SD-005, which would be marketed as Zorblisa, is a topical cream containing allantoin, a natural substance found in some plants and mammals that is already used in a variety of over-the-counter items like toothpaste and certain skin care products. Allantoin, however, has a short half-life. Scioderm’s cream, as Frank Vinluan explained in this piece last year, keeps allantoin more stable and delivers it in a higher concentration for a longer time. It softens keratin, and in Scioderm’s mid-stage trials it helped reduce and even close some patients’ chronic wounds in a small study. SD-005 would be used daily, and chronically, to deal with these wounds for patients with all forms of EB, Crowley says.
Crowley knows the drug well. He’s been on Scioderm’s board of directors for two years—his only non-Amicus board seat—and developed a “strong relationship” with the startup’s co-founder and CEO Robert Ryan. He approached Scioderm about a buyout several months ago and began exclusive talks. “This deal was never shopped,” he says.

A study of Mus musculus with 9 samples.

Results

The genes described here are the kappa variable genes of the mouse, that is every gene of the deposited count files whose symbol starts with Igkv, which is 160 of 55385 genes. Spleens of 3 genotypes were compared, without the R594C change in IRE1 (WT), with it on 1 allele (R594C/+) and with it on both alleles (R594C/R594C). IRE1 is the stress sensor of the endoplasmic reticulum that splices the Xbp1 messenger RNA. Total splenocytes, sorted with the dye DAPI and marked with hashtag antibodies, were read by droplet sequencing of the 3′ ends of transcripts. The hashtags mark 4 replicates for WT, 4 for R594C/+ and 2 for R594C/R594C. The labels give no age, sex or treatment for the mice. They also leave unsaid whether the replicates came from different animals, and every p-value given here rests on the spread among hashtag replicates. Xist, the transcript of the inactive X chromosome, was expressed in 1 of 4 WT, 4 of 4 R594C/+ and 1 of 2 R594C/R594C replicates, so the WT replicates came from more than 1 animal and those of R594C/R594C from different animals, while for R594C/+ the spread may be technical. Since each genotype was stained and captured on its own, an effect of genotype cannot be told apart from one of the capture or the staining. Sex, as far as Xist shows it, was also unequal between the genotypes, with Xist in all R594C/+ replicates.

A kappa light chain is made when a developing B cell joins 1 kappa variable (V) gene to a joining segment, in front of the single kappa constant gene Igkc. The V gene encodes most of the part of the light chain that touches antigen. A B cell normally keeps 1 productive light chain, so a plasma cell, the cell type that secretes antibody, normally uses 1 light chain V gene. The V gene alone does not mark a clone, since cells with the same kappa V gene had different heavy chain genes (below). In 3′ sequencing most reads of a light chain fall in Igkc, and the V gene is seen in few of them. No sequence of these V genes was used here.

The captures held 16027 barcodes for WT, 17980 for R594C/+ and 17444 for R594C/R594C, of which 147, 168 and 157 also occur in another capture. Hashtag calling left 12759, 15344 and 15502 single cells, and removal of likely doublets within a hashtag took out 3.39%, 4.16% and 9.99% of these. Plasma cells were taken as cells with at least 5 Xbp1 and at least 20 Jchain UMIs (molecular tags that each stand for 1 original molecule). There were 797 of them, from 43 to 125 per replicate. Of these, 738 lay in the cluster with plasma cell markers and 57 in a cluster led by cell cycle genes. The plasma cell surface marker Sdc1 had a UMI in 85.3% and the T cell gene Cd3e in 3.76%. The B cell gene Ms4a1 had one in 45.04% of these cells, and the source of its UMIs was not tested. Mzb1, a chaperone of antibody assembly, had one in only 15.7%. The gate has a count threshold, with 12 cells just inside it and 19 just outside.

For Amicus, the deal represents the latest step in what’s been a long and winding road. Last year, I profiled Amicus’s quest of more than a decade to create “pharmacological chaperones,” or small-molecule drugs designed to grab misfolded enzymes, force them into the correct shape, and shepherd them to the proper cell. Amicus has seen its share of failures trying to prove the worth of this approach, but it appears to finally be on the verge of a payoff. Its Fabry disease drug, migalastat (Galafold), is currently under review in Europe, and Amicus has been raising cash to prep for the drug’s launch, which could come next year. Amicus hopes to file papers for approval in the U.S. later this year as well, Crowley says.
Shares were worth around $2 apiece when things looked bleak in late 2013. Now they’re worth close to $15, and Amicus is acting as if its worst days are in the rear-view mirror—it’s now a buyer. Though no one should expect another Scioderm-sized deal in the near-term, Crowley says the company is scouting around for other opportunities.